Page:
Teach any Eduqas module 1D: Austerity, Affluence and Discontent: Britain, 1951-1979, no prep needed!
Eduqas GCSE History Component 1: Studies in Depth
- Written examinations: 2 hours (comprising two papers of 1 hour duration each)
- 50% of qualification 100 marks (plus 6 marks for spelling, punctuation and grammar and use of specialist terms)
Learners study two Studies in Depth, one British and one non-British, from eight options in total. This component focuses study on substantial and coherent short time scales. Studies in Depth will provide learners with the opportunity to study history in greater depth and consequently understand the complexity of a society or historical situation more effectively.
Studies in Depth will focus study on different historical eras and different geographical contexts. This component encourages learners to use a wide range of historical sources. Learners should also study different historical interpretations of specific events and issues.
The two options studied must be from different historical eras (Medieval, 500-1500; Early Modern, 1450-1750; and Modern, 1700-present).
This module is from the Modern era, 1700 – present.
Curriculum for 1D. Austerity, Affluence and Discontent: Britain, 1951-1979
- This option focuses in depth on the turning points that have affected the development of the UK during the mid to late 20th century. Through the selected themes, students will be able to discuss the developments, events and personalities which have shaped the modern history of Great Britain.
- Themes span major political, social, cultural and economic influences that affected the lives of British people including the impact of WWII on the British economy and recovery efforts, the changing lives of women in the aftermath of WWII and the arrival of labour-saving devices and reproductive control, the evolution of fashion and entertainment from the 50s through to the 70s, changing attitudes to authority in the wake of conflict between labour unions and the government, feminist movements, political scandals, mass emigration of people from the Commonwealth and the impact of fuel and electricity shortages in the 70s.
- Candidates should be able to map and discuss the circumstances that led to social unrest and the policies implemented, amended and repealed in order to address the demands of the people.
- Candidates will be required to compare and contrast the years immediately before, during and after WWII in the UK and be able to explain its impact on subsequent decades.
- Candidates should be able to identify and discuss the conflicting ideologies of patriarchy versus feminism as well as why nationalists perceived the arrival of immigrants as a threat to national identity.
- Candidates should be able to unpack how the Cold War influenced tensions in the UK over the building of nuclear facilities and testing of nuclear weapons.
- Candidates must also be able to link changes to music and fashion to influences from across the Atlantic in America while also analysing how choices in fashion and music also served as defiance of the prevailing social norms and political authority.
- Students should be able to form well-reasoned judgements based on historical facts, while also including issues of the wider historical debate of how and why the UK changed in the way it and how those changes paved the way for modern Britain.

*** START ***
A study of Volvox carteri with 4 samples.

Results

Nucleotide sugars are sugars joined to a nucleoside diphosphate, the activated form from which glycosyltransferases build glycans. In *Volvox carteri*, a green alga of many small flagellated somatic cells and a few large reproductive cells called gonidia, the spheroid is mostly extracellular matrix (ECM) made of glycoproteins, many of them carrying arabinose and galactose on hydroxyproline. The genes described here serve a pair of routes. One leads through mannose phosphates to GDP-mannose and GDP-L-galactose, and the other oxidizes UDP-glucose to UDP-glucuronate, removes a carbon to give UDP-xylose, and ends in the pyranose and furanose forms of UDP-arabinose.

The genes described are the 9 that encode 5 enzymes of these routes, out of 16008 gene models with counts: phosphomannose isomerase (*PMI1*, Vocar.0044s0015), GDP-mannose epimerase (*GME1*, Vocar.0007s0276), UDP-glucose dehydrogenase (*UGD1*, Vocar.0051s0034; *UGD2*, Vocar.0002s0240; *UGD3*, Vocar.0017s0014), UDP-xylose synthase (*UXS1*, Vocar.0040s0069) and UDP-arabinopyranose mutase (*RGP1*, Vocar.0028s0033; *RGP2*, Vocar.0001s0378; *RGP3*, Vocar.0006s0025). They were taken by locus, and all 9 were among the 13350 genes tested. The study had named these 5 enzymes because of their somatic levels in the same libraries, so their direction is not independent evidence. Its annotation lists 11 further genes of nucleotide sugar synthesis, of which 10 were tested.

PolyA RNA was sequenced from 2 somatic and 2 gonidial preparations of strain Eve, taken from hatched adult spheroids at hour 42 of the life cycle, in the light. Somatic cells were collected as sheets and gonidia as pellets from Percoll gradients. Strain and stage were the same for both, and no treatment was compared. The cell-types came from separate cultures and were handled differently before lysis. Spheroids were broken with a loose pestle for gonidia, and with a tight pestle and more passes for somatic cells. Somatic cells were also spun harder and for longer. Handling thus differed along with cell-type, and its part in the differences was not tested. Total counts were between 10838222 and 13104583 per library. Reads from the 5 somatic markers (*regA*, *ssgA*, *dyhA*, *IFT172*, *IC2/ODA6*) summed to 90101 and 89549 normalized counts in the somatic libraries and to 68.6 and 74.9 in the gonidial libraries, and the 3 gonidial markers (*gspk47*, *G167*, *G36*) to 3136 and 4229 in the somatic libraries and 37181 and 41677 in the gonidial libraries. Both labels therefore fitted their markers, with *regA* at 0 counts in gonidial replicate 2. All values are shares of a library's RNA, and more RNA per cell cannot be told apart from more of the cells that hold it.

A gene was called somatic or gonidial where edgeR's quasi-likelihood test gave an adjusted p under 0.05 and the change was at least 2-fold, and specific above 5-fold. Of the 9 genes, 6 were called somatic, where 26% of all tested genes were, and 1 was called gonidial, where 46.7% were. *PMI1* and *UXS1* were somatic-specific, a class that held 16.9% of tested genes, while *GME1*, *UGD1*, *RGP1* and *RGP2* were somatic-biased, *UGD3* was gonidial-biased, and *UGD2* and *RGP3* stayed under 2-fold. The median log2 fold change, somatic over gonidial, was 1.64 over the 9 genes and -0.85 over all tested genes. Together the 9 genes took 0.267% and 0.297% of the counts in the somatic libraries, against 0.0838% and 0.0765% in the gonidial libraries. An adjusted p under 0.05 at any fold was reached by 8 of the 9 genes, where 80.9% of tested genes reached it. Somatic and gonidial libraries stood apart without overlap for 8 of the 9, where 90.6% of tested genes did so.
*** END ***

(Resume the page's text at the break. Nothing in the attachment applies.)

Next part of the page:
- They should also address the key issues in each topic area using a range of historical sources.
- The required content in italics shows which key features and characteristics of the period must be studied.
Key Questions and required content
Britain in the early 1950s
What were the main issues facing the people of Britain in the early 1950s?
Required content: Austerity and rationing; housing problems; debt; nationalised industries; the cost of welfare budget; industrial decline.
The end of austerity
What factors contributed to the economic recovery in the 1950s and 1960s?
Required content: Town planning; wage rises and tax cuts; Macmillan- ‘never had it so good’; Wilson- ‘white heat’; motorway investment; the Beeching axe; comprehensive education.
Popular entertainment and fashion
What were the main changes in entertainment and fashion in
Required content: Changing musical styles; listening to music; popular groups and artists; the impact of TV; American culture; fashion – teddy boys, mini-skirts, Mods, Rockers, hippies and punk.
The changing lives of women
How far did the lives of women change in this period?
Required content: Labour-saving devices; family, marriage, divorce and abortion; education and employment; women’s rights; the impact of the pill; equal opportunities; women’s liberation.
Changing attitudes to authority
How did attitudes to authority change in the 1950s and 1960s?
Required content: Permissive society; legalising homosexuality; drugs; abolition of the death penalty; Profumo Scandal; CND; student protest in 1968.
What impact did immigration have on British society during
Required content: Reasons for migration; British Nationality Acts 1948-65; Caribbean immigration – Windrush; race riots; Notting Hill 1958; Enoch Powell; right-wing groups; race relations legislation.
Political and economic problems
What were the main political and economic problems in the
Required content: Industrial decline; Heath, the miners and the three day week; the Winter of Discontent and the 1979 General Election; civil unrest in Northern Ireland; Bloody Sunday and internment; IRA bombing campaign.